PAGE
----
Natural Dyes: Foraging for Local Color

What colors are near to hand?

Kate Larson Sep 7, 2021 - 4 min read

Natural Dyes: Foraging for Local Color Primary Image

Kate Larson Natural Dyes

I shared one of my jaunts into madder-dyeing a few weeks ago, but I also love foraging for color. Just from where I sit in the morning and spin on my charkha I can see several wonderful dyestuffs that return unbidden each summer. What natural dyes are growing in your backyard?

For the last few weeks, my Saturday spinning group has been foraging for color. We have had several dyepots going each weekend and tried several modifiers. A modifier, or afterbath, can help shift the color of the fiber after it has been removed from the dyepot. Here are a few ubiquitous Indiana plants we have tried so far:

Natural Dyes

The hulls that surround the walnuts as they grow on the tree produce a wonderful brown dye. Kate’s handspun 4-ply Horned Dorset dyed with black walnut and an alkaline afterbath.

Black Walnut

After a very wet spring, the walnut trees in my region are overloaded with ripening nuts. While they are about half to three-quarters of the fully ripened size right now, I wanted to see what type of color we would get. Our skeins had an amazing depth of color after only a twenty-minute simmer in the dyepot, but we decided to try something else a bit different: an alkaline afterbath. I’m in love with this mahogany skein of 4-ply handspun Horned Dorset and am quickly spinning more to dye a larger project.

Natural Dyes

Purple chicory and white wild carrot flowers, leaves, and stems can be simmered to extract yellow dyes. At top: left is wild carrot, right is wild carrot and iron afterbath. At bottom: left is chicory, right is chicory and iron afterbath.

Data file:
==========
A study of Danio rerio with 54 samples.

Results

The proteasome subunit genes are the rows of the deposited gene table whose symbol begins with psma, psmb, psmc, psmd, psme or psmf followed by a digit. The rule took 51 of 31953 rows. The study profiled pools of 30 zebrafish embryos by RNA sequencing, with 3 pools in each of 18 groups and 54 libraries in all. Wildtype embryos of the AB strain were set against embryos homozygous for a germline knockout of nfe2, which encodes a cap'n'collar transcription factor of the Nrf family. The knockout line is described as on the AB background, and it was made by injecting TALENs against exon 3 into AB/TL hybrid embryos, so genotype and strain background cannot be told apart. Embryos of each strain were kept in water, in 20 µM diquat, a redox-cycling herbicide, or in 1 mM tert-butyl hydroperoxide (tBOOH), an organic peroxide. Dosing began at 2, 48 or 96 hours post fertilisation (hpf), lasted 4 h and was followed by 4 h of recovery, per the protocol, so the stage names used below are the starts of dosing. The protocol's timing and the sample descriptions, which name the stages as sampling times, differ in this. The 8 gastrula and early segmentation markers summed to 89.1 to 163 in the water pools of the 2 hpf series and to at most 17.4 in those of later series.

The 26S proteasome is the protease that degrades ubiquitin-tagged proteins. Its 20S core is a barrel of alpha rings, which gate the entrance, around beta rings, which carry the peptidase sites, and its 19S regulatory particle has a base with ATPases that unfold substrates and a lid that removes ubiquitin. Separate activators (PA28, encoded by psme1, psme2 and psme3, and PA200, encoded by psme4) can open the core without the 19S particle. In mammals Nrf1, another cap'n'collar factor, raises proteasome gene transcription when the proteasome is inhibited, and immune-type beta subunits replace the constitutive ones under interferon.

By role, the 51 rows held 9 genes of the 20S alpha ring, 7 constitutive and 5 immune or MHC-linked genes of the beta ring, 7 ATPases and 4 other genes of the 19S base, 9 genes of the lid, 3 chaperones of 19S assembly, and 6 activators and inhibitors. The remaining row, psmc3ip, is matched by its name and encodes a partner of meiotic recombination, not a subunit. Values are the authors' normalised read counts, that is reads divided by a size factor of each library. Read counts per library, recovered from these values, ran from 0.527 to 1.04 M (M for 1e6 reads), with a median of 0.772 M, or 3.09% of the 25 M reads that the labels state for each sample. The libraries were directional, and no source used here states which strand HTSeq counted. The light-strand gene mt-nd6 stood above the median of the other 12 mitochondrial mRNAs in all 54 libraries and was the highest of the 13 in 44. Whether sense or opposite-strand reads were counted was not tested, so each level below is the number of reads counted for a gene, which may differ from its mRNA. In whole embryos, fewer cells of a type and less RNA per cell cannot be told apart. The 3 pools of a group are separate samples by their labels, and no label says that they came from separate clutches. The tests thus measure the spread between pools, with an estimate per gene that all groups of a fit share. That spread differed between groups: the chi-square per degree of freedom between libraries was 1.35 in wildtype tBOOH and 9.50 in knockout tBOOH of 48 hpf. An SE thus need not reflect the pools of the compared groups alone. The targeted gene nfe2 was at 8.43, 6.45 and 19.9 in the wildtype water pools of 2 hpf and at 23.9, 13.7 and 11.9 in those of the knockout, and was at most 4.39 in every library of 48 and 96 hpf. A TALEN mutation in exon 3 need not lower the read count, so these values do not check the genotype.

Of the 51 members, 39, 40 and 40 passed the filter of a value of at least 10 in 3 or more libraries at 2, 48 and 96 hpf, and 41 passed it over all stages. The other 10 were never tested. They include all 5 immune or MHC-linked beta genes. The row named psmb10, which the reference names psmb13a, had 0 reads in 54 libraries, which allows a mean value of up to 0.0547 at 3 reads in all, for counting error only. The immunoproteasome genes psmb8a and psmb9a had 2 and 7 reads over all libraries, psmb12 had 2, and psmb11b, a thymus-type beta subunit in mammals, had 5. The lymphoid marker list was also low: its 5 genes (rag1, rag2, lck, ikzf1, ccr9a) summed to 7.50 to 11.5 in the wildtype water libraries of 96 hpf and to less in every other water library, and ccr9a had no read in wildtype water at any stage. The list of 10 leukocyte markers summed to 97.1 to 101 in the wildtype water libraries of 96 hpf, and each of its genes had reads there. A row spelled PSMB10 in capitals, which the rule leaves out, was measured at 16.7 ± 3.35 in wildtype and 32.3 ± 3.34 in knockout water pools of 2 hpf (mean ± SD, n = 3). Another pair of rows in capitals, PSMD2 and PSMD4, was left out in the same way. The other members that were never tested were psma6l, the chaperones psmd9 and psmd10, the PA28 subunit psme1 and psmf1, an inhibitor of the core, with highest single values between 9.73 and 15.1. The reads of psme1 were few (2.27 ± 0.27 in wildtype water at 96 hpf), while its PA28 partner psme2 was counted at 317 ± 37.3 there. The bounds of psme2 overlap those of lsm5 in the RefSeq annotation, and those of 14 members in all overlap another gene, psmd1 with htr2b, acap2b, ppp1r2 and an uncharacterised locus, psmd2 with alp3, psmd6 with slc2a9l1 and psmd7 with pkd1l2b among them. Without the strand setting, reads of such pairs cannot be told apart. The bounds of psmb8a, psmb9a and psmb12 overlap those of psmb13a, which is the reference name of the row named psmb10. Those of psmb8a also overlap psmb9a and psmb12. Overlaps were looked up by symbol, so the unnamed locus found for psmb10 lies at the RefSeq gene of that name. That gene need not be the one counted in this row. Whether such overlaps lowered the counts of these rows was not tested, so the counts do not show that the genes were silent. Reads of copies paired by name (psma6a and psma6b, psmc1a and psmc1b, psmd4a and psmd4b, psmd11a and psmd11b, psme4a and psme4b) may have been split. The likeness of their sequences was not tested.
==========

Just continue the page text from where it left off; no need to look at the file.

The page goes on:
Wild Carrot (Queen Anne’s Lace) and Chicory

These plants (Wild Carrot and Chicory) fill the summer roadsides of huge swaths of North America. To some they are invasive, troublesome weeds; to others they are beautiful sources of habitat for insects and animals. Either way, my sheep think they are delicious and I love using them for dyeing. My friends and I used alum to mordant our skeins and gave them a long simmer in the dyepots. Afterwards, some of the skeins were placed in an iron modifier to produce lovely greens.

If you are interested in foraging for plants:

  1. Do some research. Make sure you know how to identify the plant you are after. Some plants that are great in the dyepot look similar to toxic plants.
  2. Take precautions. In case you are allergic to the plants you are looking for or encounter while out foraging, it’s best to wear gloves and clothing that covers arms and legs.
  3. Forage ethically. Never take all of any type of plant or fungi you are collecting so it can repropagate. Ask before foraging on someone else’s property. Follow restrictions on removing materials from state and national parks.

—Kate Larson

Kate Larson is the editor of Spin Off and spends as many hours as life allows in the barn with her beloved flock of Border Leicesters.